Editor’s Note: This article originally appeared on Crossing the Thin Blue Line, a blog recently started by a veteran police officer who writes under the pseudonym of Ray Isaacs. From Isaac’s first blog post, Shining a Light: It’s Not Us Vs. Them:
I’ve been a federal police officer for almost 12 years and have been an instructor within my agency for 10 of those years. I teach several classes, but I cut my teeth teaching Defensive Tactics. “Defensive Tactics” is PC cop-speak for teaching officers how to defend themselves and make arrests. In splitting my time between the ideals of the training environment and seeing it played out in real life, it came to my attention that things weren’t acting out the way they were “supposed” to. Over the years, I’ve noticed some disturbing trends in policing and it has all lead me here.
One of the hardest things in law enforcement is to judge officers on what they did in a shooting incident, after the fact. No one in my profession likes to “Monday morning quarterback” these situations. In fact, we are often told not to, but the time has come to do just that; to take a look at cases and second guess the tactics that officers are using that get them involved in this type of situation. Maybe with a better understanding of how we get to where we are, we can avoid death and injury, not only to the people we are interacting with, but also to ourselves.
In the case of India Kager, it is the options the police took leading up to the shoot that I have some issue with. If you’re unfamiliar with the case, I’ll run through it briefly:
A confidential informant (CI) alerted the Virginia Beach Police that Angelo Perry, India’s boyfriend and father of their child, was responsible for two murders and home invasions. The CI also told them that a “hit” had been ordered on a resident of Virginia Beach. They began surveillance on Perry. Because he was known to have weapons, they asked the SWAT Team to surveill him. They started monitoring him as he was a passenger in the vehicle that India Kager was driving.
Unbeknownst to the officers at the time, their infant son was also in the car. The car began to move erratically and even made a U-turn, leading the surveillance team to believe they had been made. As the car pulled into a 7-11 parking lot, two miles away from the address of the person the “hit” had been ordered on, they decided to take Perry into custody. They blocked the car in with two unmarked, blacked out SUV’s and threw a flash bang grenade at the passenger side door as a distraction. As the officers approached Perry, he shot at them and they returned fire, killing him and also hitting Kager. Despite performing CPR and first aid on Kager, they were unable to save her.
After an investigation, the officers were cleared of criminal wrongdoing.
Commonwealth Attorney’s Investigation
Let’s talk about the actual shooting and the criminality aspect that the Virginia Commonwealth Attorney investigated. Given what was known to the officers at the exact time of the attempted apprehension, I would agree that there was no criminal wrongdoing by the officers and that it was reasonable for an officer in that situation to return fire. If someone shoots at you, you return fire. It’s that simple. Is it a terrible tragedy that Kager got shot? Yes. It is always heartbreaking when an innocent person loses her life. But what angers me is that even though it is accepted under the letter of the law, this death could have been avoided. With better choices on the part of the officers, India Kager would still be alive.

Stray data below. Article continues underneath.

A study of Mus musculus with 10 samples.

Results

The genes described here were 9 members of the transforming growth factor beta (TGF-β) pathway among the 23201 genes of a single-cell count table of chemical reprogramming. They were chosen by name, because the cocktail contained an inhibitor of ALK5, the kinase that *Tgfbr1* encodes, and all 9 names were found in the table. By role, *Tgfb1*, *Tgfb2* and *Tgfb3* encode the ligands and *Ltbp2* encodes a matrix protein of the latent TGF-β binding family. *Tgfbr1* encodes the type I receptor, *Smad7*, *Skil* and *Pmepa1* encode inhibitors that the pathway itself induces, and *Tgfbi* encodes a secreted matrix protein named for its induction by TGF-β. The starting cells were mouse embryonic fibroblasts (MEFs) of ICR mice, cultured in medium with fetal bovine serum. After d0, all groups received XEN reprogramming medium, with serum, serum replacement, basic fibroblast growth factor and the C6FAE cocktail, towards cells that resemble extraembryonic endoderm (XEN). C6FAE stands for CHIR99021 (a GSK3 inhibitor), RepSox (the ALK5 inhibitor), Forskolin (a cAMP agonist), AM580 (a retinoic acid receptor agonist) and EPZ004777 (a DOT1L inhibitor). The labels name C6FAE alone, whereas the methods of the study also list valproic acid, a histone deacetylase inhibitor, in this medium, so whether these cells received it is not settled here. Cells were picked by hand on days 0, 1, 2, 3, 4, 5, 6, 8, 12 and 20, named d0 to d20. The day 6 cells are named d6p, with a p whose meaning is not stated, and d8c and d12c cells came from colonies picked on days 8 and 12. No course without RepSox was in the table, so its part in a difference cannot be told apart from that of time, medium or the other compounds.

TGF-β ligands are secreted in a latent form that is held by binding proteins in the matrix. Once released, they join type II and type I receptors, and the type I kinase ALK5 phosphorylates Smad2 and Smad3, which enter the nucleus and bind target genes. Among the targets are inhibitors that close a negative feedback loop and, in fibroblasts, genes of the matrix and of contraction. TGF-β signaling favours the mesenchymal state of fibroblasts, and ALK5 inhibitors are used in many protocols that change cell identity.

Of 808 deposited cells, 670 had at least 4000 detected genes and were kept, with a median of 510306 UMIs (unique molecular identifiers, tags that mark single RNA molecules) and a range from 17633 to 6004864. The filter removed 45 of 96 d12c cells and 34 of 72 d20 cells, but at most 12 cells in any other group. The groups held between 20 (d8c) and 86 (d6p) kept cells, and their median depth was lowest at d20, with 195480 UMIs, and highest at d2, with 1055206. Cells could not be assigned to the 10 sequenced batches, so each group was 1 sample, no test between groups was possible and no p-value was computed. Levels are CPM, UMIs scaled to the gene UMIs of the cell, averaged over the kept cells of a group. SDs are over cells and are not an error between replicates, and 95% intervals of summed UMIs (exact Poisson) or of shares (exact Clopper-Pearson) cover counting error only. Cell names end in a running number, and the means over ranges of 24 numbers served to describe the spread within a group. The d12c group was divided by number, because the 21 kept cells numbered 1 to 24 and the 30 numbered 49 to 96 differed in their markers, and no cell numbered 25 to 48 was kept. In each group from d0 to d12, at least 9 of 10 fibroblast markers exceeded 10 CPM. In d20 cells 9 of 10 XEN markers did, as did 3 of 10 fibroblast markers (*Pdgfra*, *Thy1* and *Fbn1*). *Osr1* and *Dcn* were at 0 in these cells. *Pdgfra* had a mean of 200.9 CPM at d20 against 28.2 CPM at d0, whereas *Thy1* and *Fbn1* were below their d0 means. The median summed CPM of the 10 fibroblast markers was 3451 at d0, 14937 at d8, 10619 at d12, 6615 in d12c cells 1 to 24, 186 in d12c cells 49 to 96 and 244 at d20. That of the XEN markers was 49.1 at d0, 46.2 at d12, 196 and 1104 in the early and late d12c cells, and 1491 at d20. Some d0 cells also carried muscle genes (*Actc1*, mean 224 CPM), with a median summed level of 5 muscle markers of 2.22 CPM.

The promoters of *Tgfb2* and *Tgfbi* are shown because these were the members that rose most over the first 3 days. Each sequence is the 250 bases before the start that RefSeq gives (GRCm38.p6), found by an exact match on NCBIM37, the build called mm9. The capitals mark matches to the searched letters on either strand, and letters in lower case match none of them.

Using SWAT Tactics on a Traffic Stop
The choice to use SWAT to conduct the surveillance is strange to me. I can see them helping or standing by in case things get out of control, but for them to be conducting the surveillance doesn’t make sense. SWAT has a different set of training, a different mindset. They charge into dangerous situations using manpower and force to take control. There is a time and place where that works very well, but I’m not sure that works for a traffic stop. Instead of charging in, staying behind the cover of a car and ordering a subject out to make the apprehension is safer for the officers. It also makes it obvious to the person in the car know that the police are there and they are taking you into custody.
What happened in this situation is that two unmarked, blacked out SUVs pulled into the 7-11 parking lot behind Kager’s car. They didn’t have their emergency lights on and they blocked the car in. Yes, the officers were wearing vests with “POLICE” marked on them and they were yelling “police,” but could Perry see that or hear them? Did anyone in the car realize that it was actually police officers coming after them?
A flash bang grenade just went off by Perry’s door. These grenades are designed to disorient, so isn’t it reasonable to assume that he was disoriented when people started running up to him with guns out? And why go in so hard knowing there is someone else in the car?
I’ve been saying this for years to my officers: speed kills. All too often, we rush into situations and try to muscle control of it. Instead of rushing in like cowboys, I teach my officers to take a step back and reassess the situation. Make a plan and think about safety for everyone involved. This doesn’t mean don’t act. It takes training to make these decisions quickly, but taking a moment to think before just charging ahead generally leads to better outcomes.
If the officers in Virginia Beach had taken a step back, maybe they would have devised a plan; used emergency lights; provided cover for the officers and not used a flash bang grenade. Speed kills. If the officers took a moment, maybe India Kager and Angelo Perry would be alive today.